The most valuable creative experience I’ve ever had might be the time I needed to make someone fly.
As a longtime playwright and theater director, I’ve had to tackle all sorts of self-imposed artistic challenges, generally with little to no budget. Every show that I’ve worked on has contained “that scene” – the one that drives you nuts until the very last minute. But, it usually ends up being the best one in the whole show, because you have to be more creative to pull it off.
Once, “that scene” called for an actor to fly – without ropes, pulleys or any kind of technical trickery. The show was more like a dance performance than a traditional play, a fictional creation myth about the dawn of civilization that required a showdown between the protagonist – a monkey on the road to humanity – and a deadly insect that enacts revenge after the monkey tries to squish it. (Yeah, it’s weird, just roll with it.)
Playing the bug was a petite dancer/actress who would be carried around by two other black-clad performers to simulate flight. It made perfect sense in my head, but however hard we tried, we just couldn’t make it work. It’s not easy to gracefully carry a full-grown adult through the air, no matter how small, so despite the combined efforts of our entire cast and crew, what was supposed to be a buoyant, exciting scene felt dismally earthbound – and suddenly, we only had three days before opening night.
I spent hours wracking my brain, trying to figure out what to do, but all of my ideas led to dead ends. We figured we just weren’t trying hard enough, so the actors decided to meet early one night to get some extra practice. I felt guilty that I couldn’t arrive on time to help them, but I hoped that the extra effort would lead to improvement.
When I showed up, I was unprepared for the jubilant mood in the room. “We figured it out!” they shouted. In short order, they showed me that the point wasn’t to keep the actress aloft the whole time – rather, by changing her from a flying bug to a leaping bug, she could bound above the stage with the support of the other performers, springing high into the air and appearing to defy gravity. And it was true – the effect was exciting and effortless.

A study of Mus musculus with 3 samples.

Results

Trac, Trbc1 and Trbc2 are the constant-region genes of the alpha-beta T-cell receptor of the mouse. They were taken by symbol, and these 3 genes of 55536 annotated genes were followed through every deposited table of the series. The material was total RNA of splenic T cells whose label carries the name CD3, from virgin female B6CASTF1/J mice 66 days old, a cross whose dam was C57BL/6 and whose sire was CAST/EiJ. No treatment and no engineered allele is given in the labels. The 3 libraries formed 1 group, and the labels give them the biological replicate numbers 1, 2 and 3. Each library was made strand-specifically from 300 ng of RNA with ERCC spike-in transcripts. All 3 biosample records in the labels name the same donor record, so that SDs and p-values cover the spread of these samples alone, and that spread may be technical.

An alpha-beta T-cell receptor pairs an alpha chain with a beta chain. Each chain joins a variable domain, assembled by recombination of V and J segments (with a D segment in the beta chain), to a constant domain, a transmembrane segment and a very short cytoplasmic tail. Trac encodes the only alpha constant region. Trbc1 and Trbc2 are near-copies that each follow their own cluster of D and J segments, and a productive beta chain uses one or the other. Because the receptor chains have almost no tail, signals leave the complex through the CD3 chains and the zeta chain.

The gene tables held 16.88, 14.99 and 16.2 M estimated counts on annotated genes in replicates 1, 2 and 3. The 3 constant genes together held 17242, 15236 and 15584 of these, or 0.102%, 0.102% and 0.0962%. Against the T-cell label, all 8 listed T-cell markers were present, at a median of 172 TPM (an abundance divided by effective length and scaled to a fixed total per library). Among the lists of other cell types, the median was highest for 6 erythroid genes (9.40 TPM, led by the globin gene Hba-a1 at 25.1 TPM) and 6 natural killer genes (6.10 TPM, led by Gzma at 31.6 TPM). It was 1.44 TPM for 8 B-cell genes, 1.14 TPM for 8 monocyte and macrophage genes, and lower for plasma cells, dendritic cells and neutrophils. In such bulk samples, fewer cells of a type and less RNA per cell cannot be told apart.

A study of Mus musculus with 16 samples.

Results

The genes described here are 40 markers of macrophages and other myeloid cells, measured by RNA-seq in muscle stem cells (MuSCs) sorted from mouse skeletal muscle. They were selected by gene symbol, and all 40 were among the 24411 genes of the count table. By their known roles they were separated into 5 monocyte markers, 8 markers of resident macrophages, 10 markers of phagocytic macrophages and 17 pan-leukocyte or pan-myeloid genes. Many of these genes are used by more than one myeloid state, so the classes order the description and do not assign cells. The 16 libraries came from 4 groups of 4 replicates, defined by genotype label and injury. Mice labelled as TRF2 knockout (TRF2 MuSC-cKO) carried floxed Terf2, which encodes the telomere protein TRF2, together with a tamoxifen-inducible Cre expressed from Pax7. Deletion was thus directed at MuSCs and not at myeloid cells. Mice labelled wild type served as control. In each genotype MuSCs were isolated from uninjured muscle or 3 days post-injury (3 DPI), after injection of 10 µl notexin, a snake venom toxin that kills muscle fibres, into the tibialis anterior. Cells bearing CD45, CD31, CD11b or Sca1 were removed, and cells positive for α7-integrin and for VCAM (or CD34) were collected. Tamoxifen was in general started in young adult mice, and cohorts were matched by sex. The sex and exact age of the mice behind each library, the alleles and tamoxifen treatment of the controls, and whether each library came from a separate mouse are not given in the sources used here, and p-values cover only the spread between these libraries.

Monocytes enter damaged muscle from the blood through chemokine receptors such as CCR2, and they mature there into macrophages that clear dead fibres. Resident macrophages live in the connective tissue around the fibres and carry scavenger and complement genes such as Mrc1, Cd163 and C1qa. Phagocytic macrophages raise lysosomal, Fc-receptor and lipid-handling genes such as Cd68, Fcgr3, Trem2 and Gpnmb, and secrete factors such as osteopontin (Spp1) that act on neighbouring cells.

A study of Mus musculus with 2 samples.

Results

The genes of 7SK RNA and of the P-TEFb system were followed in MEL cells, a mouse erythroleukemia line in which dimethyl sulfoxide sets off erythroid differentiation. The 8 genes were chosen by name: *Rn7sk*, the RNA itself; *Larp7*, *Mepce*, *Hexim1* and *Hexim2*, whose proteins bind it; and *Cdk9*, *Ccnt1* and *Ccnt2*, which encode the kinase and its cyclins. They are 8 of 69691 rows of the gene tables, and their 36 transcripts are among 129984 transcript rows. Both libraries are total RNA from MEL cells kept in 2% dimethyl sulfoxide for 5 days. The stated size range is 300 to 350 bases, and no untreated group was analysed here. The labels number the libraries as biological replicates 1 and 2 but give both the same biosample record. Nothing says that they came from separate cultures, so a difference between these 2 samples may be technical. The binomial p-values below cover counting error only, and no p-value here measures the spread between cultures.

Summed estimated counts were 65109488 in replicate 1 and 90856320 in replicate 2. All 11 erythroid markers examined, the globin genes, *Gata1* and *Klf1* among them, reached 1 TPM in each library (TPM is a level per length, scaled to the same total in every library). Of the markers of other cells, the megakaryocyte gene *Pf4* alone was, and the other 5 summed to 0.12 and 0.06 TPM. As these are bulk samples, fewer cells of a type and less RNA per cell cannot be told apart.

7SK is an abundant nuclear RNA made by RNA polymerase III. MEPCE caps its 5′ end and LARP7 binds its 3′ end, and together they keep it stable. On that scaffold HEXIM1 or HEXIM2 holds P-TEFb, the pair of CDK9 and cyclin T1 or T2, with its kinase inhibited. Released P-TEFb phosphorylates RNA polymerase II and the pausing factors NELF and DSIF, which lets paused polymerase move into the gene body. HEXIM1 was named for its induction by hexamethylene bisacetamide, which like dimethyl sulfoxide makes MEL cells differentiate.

And yet, for a moment, I hesitated. This wasn’t what I had imagined – I wanted something more literal. And just as galling, the solution wasn’t mine – I wasn’t the heroic genius, but the guy who said yes to someone else’s idea.
Fortunately, that moment passed, and we quickly worked to fit the leaping approach into our earlier work. “That scene” suddenly had the speed and energy it needed – and it turned out to be a highlight of the show.
I still think about what I learned that night, and use those lessons whenever I encounter a creative obstacle:
- Great ideas require you to keep your feet on the ground.
In a metaphor made literal, we couldn’t stay up in the air. The resistance and solidity of the floor gave us something to bounce off, creating the dynamic energy we were looking for. True creativity requires context – you can’t just float around untethered. It’s necessary to take stock and remind yourself what you’re working toward – to maintain contact with the ground you’re working from – and use that as a tool to propel you further.
- Great ideas come from trusting your collaborators.
Though I was “in charge” of this project, actually creating it was a group endeavor. If I had insisted on solving the problem on my own, it never would have happened. Sometimes we need a team to break through the limits of our individual minds and devise something bigger than we are.
- Great ideas require persistence.
We wouldn’t have hit on a solution if we hadn’t been working on the problem for weeks. We weren’t just spinning our wheels that whole time – we were building relationships and narrowing our options to prepare us for the eventual breakthrough.
- Great ideas mean letting go.
Was the scene that we produced the one that I had originally imagined? Nope. It was better than that – but it would never have happened if I’d become stuck in that moment of hesitation and refused to be flexible.
So if you ever need to fly, keep these lessons in mind, and hopefully you’ll find your own way to take off.